Android Phones still have a Critical Security Flaw


The Android Security Bulletin for this month got published yesterday and it does not address the Dirty Pipe vulnerability, which is a critical and high-profile exploit that still exists in Android phones.

For those unaware, every month Google rolls out a big security “patch level” for Android that includes fixes for security vulnerabilities. Smartphone manufacturers gain early access to this patch so they can roll out updates at the beginning of each month. But some manufacturers roll out these changes every two months, or once every quarter.

Additionally, Google also announces a bulletin every month that briefs about the vulnerabilities that have been addressed across the monthly patch levels provided. The bulletin details the type of vulnerability, its severity, and the CVE identifier assigned to it. However, this month’s notes are missing the CVE-2022-0847 identifier, which is tied to the Dirty Pipe vulnerability.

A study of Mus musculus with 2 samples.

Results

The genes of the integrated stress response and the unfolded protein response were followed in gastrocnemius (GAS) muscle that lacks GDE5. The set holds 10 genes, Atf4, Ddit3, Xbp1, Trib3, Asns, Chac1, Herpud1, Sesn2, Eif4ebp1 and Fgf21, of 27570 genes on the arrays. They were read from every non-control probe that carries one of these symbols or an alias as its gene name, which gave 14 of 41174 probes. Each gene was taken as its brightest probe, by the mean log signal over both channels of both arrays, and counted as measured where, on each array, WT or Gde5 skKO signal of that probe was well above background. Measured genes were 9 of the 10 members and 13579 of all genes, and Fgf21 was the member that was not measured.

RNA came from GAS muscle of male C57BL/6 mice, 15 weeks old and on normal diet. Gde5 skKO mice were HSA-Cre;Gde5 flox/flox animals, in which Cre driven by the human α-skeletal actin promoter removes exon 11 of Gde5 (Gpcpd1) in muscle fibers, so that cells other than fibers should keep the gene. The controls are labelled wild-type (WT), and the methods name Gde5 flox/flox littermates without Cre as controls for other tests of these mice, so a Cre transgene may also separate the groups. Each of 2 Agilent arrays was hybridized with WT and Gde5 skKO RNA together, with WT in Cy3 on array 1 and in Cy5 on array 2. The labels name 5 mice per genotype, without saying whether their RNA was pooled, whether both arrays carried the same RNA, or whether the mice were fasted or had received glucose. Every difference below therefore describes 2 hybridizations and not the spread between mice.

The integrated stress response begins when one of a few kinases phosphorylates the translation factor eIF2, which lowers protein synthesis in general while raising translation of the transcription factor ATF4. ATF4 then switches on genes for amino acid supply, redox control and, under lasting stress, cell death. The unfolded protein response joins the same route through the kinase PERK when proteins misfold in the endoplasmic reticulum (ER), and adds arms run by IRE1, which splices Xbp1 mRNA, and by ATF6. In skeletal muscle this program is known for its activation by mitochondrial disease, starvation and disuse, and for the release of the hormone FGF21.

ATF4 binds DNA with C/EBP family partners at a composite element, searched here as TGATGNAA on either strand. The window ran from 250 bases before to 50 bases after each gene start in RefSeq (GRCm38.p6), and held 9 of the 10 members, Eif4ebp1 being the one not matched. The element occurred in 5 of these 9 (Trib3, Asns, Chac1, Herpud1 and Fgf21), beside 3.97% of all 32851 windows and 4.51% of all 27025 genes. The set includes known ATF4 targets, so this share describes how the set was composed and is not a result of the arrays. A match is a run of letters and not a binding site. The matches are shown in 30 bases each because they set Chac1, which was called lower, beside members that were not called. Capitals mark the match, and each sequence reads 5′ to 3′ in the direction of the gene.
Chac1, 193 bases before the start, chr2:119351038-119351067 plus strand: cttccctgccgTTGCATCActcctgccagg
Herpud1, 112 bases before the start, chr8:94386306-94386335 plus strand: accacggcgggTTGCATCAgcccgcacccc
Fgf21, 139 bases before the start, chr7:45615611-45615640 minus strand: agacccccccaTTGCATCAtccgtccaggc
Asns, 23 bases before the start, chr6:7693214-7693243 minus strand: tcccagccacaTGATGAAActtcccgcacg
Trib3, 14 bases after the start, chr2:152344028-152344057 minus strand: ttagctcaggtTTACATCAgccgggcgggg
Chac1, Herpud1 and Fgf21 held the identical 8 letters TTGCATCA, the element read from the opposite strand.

Dirty Pipe vulnerability is a Linux kernel vulnerability that authenticates an unprivileged user to overwrite data in read-only files. This leads to privilege escalation and arbitrary code execution, meaning a malicious user or a hacker could gain full access to the device.

As reported by Max Kellermann, the person who identified the Dirty Pipe vulnerability, the problem affects kernel version 5.8 and later. Whereas, after the February updates of the kernels 5.16.11, 5.15.25, and 5.10.102, they are also unaffected by the vulnerability.

The vulnerability requires a very recent version of the Linux kernel, whereas Android phones tend to survive on a single version for most of their lives. Excluding the Pixel 6 and its Generic Kernel Image support, only smartphones with a Snapdragon 8 Gen 1 launched on Android 12 or a later version are vulnerable.

Such smartphones include the Galaxy S22 series, Xiaomi 12 Pro, OnePlus 10 Pro, and Google’s Tensor-powered Pixel 6 and 6 Pro.